San Francisco police working to combat bike thefts

Police are explaining why they aren't doing more to deal with bicycle chop shops.
January 22, 2014 8:53:05 PM PST
San Francisco police are explaining why they aren't doing more to deal with bicycle chop shops and what bike owners can do to stop them.

It happens in plain sight under a freeway off ramp south of Market -- a man apparently disassembling bicycles that may or may not belong to him.

"They strip all the parts of it, put the frames in stacks, put the components in bins," bike theft victim Kevin Montgomery said.

Montgomery stumbled on the operation while looking for the bikes that were just stolen from him and his roommates.

"These are kind of part homeless encampments, part bicycle chop shops," San Francisco Police Ofc. Matt Friedman said.

Friedman is in charge of curbing bike theft. He's gotten to know a few of the guys on the street.

"They all have criminal records, they all claim that they're bike mechanics, they buy and sell parts, they buy and sell bike frames," he said.

It might sound shady, but that's not enough to make an arrest.

"A lot of that could be stolen," Friedman said. "I have ran countless serial numbers on these bicycles and they always come back, you know, unreported."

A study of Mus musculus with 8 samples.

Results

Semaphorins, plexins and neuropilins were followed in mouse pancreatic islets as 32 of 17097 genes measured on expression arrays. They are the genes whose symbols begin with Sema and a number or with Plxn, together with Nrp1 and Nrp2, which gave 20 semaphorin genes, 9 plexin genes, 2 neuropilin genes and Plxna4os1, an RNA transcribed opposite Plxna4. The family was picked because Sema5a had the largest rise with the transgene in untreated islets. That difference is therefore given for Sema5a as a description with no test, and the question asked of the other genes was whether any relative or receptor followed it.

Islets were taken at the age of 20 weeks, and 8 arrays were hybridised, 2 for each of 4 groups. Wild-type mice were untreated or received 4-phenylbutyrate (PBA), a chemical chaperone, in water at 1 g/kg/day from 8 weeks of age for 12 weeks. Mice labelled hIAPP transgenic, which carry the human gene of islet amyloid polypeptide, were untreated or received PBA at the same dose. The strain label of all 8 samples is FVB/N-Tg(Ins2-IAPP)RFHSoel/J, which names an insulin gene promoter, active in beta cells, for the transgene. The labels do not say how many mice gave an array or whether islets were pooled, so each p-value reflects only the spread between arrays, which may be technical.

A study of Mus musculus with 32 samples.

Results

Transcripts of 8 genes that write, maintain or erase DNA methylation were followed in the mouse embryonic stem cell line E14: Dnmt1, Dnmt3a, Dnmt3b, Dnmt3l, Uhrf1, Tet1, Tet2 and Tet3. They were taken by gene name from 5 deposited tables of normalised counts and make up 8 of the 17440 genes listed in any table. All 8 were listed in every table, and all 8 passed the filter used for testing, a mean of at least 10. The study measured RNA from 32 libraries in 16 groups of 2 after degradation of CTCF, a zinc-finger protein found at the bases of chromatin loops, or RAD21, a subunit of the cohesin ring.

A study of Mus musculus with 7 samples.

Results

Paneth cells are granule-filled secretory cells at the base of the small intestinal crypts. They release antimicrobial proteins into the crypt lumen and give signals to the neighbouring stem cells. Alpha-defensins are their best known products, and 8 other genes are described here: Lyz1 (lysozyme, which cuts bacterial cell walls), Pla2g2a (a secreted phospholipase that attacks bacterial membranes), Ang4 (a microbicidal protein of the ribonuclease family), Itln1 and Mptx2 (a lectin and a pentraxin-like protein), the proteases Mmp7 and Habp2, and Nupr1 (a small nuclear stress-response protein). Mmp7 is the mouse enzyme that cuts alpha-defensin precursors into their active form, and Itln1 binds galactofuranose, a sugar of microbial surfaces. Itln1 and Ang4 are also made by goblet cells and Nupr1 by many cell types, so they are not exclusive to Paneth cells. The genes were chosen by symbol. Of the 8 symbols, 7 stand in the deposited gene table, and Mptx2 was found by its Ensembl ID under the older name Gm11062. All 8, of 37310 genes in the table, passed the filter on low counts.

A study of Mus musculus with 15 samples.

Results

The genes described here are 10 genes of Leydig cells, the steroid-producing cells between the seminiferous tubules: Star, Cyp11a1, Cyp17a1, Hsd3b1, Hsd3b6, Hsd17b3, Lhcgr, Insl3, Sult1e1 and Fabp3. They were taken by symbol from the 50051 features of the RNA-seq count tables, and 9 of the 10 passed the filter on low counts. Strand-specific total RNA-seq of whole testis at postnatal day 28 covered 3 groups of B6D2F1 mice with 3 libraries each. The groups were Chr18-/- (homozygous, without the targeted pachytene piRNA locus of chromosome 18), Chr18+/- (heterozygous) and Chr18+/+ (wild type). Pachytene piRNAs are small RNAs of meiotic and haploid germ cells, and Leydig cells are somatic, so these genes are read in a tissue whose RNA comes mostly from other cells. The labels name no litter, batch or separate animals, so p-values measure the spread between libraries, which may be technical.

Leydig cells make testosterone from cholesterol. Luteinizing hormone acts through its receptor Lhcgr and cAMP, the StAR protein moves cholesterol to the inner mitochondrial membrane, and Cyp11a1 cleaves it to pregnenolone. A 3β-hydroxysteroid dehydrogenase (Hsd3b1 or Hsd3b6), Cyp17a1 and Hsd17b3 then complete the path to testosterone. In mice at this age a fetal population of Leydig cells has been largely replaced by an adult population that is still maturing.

If you don't report your bike stolen, police will never catch the thieves.

"It's very important to have the serial number and the receipt," SAFE spokesperson Morgan St. Clair said.

Crime prevention group SAFE is going a step further. Next month, they'll launch a bike registration program.

"Our program will be run with the police department, so officers will be able to track bicycles," she said.

San Francisco police are setting out what they call "bait bikes," nice looking bikes with weak looking locks, and often one a camera nearby to record the theft as it happens.

"We just ran an operation yesterday where we have two felony arrests as a result of it," Friedman said. "You know we're using bikes with GPS-enabled trackers in them too, as well."

But the department has limited resources to attack a growing problem.

"In fact, the number of bikes stolen in San Francisco compared to iPhones is 3:1, so that gives you a sense of how serious bike theft is," San Francisco Bicycle Coalition spokesperson Kristen Smith said.

The bicycle coalition worries it'll keep people from riding. They're pushing for laws to let riders bring bikes inside at work. And like SAFE, they're spreading the word about how to lock your bike.

If you see a chop shop, call the police non-emergency line at 415-553-0123 and you can tweet pictures to @SFPDBikeTheft.